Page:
Looking to help teachers help kids? Here's your chance
Published: Wednesday, August 28, 2013 at 6:01 a.m.
Last Modified: Tuesday, August 27, 2013 at 10:20 p.m.
When Lauren Smith arrived in her classroom at Metcalfe Elementary as a first-year teacher last fall, "We had absolutely nothing," she said.
No lined paper, no crayons, no scissors, no rug where students could sit and listen to Smith read a story — none of the supplies that kindergarten teachers need every day of the school year.
Through an Internet crowd-funding site, Smith was able to raise money for enough supplies to get through the year, and it made all the difference, she said.
To help teachers get the help they need, the Alachua County Education Foundation has rolled out its own crowd-funding website, called Find It and Fund It, at www.finditfunditflorida.com/alachua.
The website operates similarly to online fundraising sites Kickstarter and Indiegogo, where users post a monetary need and donors can finance the projects.
Unlike Kickstarter and Indiegogo, though, only teachers can use Find It and Fund It to solicit money, which is a statewide initiative of the Consortium of Florida Education Foundations.
Also, unlike the other sites, there's no deadline for teachers to raise money through the site, said Alachua County Education Foundation executive director Judy Boles.
"Hopefully, they'll fund it quickly," she said, but teachers are responsible for getting the word out about their projects.
Donors can give as little as $1, and teachers can ask for up to $1,500 for a single project or various supplies. Boles said the Education Foundation will distribute money to schools as the donations come in.
Find It and Fund It is a less complicated, less-paperwork alternative to writing large grants for teachers who need a relatively small amount of money for a project or classroom materials, Boles said.
"Anything to help a teacher, I'm all for it," said Smith, the kindergarten teacher, who applied for nearly the maximum amount in interactive reading materials, teaching resources and tempera paint.
Especially in kindergarten, she said, students go through a surprising amount of materials every week, which schools don't have the money to replenish.
Last year, Smith said, she received a $186 stipend from the state to put toward buying materials. This year, the stipend is about $265.
Almost always, teachers dig into their own pockets to cover the cost of supplies, and the total could end up in the thousands.
"Yes, we get all of our summers off, but a lot of our money goes right back into our classroom," Smith said.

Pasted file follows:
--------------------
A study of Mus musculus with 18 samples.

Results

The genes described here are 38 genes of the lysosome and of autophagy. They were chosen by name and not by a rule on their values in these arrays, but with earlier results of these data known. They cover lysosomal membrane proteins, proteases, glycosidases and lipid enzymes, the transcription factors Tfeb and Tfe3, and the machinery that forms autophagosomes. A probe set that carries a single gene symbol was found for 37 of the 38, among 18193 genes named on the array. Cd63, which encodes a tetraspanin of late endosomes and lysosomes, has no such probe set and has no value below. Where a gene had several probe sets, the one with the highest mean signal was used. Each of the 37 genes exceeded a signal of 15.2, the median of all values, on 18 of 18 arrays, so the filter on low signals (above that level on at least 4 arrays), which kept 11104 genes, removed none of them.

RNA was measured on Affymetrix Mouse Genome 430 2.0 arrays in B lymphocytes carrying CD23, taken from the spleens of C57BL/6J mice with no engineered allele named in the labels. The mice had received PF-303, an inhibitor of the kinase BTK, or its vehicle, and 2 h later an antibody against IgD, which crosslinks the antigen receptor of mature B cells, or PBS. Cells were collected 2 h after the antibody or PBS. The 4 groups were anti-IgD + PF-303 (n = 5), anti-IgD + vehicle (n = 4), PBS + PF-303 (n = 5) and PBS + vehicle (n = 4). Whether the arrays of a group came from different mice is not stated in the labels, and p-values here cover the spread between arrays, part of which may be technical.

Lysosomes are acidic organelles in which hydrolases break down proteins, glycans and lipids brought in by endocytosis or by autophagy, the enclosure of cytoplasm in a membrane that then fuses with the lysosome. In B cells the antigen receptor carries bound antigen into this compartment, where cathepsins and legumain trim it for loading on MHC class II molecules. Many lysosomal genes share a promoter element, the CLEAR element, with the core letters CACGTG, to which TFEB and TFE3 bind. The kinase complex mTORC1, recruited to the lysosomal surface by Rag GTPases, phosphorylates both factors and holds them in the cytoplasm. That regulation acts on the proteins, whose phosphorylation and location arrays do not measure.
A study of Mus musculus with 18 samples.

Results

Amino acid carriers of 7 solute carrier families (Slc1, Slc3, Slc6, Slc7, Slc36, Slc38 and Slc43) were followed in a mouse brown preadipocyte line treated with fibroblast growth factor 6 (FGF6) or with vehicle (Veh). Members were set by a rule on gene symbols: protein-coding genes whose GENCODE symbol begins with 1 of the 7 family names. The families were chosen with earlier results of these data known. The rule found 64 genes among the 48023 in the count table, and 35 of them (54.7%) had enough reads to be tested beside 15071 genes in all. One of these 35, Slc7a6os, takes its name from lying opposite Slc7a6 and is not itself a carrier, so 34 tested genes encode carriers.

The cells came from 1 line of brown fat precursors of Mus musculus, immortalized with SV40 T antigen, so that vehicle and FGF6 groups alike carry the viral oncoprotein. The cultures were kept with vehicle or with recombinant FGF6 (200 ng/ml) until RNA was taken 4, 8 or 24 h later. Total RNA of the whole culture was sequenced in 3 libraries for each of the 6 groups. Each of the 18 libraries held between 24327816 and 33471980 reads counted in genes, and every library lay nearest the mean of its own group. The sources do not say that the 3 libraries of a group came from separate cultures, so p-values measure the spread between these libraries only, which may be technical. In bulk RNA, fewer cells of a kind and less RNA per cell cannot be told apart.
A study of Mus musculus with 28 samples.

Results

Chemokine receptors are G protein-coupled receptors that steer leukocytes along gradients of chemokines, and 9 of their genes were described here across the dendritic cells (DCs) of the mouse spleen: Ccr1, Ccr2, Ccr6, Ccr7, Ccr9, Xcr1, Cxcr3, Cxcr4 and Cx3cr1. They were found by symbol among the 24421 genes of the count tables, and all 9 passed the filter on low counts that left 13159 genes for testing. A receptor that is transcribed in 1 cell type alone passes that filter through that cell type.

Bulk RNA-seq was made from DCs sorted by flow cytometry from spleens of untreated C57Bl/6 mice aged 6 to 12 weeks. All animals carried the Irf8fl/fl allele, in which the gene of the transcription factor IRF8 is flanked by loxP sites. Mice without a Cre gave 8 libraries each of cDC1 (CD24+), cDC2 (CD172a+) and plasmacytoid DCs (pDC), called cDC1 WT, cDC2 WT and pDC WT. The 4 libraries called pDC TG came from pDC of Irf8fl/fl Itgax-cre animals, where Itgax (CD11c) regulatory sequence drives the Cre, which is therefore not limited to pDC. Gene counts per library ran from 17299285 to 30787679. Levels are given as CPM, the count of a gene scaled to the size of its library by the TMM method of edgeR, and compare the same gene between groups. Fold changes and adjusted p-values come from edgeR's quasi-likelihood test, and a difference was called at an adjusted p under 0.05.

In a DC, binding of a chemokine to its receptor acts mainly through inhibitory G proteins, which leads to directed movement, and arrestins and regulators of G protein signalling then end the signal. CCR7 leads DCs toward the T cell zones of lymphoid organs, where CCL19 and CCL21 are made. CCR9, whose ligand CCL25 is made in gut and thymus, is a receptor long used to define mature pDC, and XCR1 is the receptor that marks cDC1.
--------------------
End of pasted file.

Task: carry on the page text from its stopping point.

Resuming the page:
Find It and Fund It went live in Alachua County last week, and already 14 teachers have posted needs on the site, ranging from a low of $65 for an easel in a Newberry Elementary art class to $1,500, the maximum, for robotics supplies at Mebane Middle School.
Two teachers asked for $475 each to buy Lumens Ladibug cameras, which magnify anything underneath it and project it onto a wall or whiteboard.
"It's definitely a resource that could be used in every subject, in every part of the day," said Erica Coyne, who teaches fifth grade at Alachua Elementary.
The cameras would save teachers a lot of time in preparing lessons, and are more versatile than PowerPoint presentations, she said.
Lelia Powell, a first-grade teacher at Waldo Community School, is asking for $800 to take all 60 first-graders to see "A Christmas Carol" at the Hippodrome this winter.
Powell said the $12 ticket was difficult for many families to scrape together last year. But in a depressed area, she said, it's even more important for children to be exposed to the arts at a young age.
"Many of our kids don't get to go anywhere, much less to a theater to see the fine arts," she said. "I think that kids really need to be well-rounded. I think they miss a lot of important milestones in childhood when they don't have the chance to sing and laugh and play and do all of those things."
At Mebane Middle, science teacher Tim Hinchman hopes to do more than teach — he wants to inspire his eighth-graders to have fun learning.
Hinchman is asking for $1,500 for a robotics kit, a Lego set (the same kind used by NASA engineers when planning rover designs) and raw materials like sheet metal and plywood for building a real-life Iron Man suit.
It's difficult for teachers to get money for projects like that when schools are just trying to make sure every classroom has textbooks, Hinchman said. But with this project, he hopes to give his students an opportunity to have fun learning.
"The kids will always remember it," he said. "And I want them to remember back and think fondly on (middle school), because I think most people don't."
Contact Erin Jester at 338-3166 or email@example.com.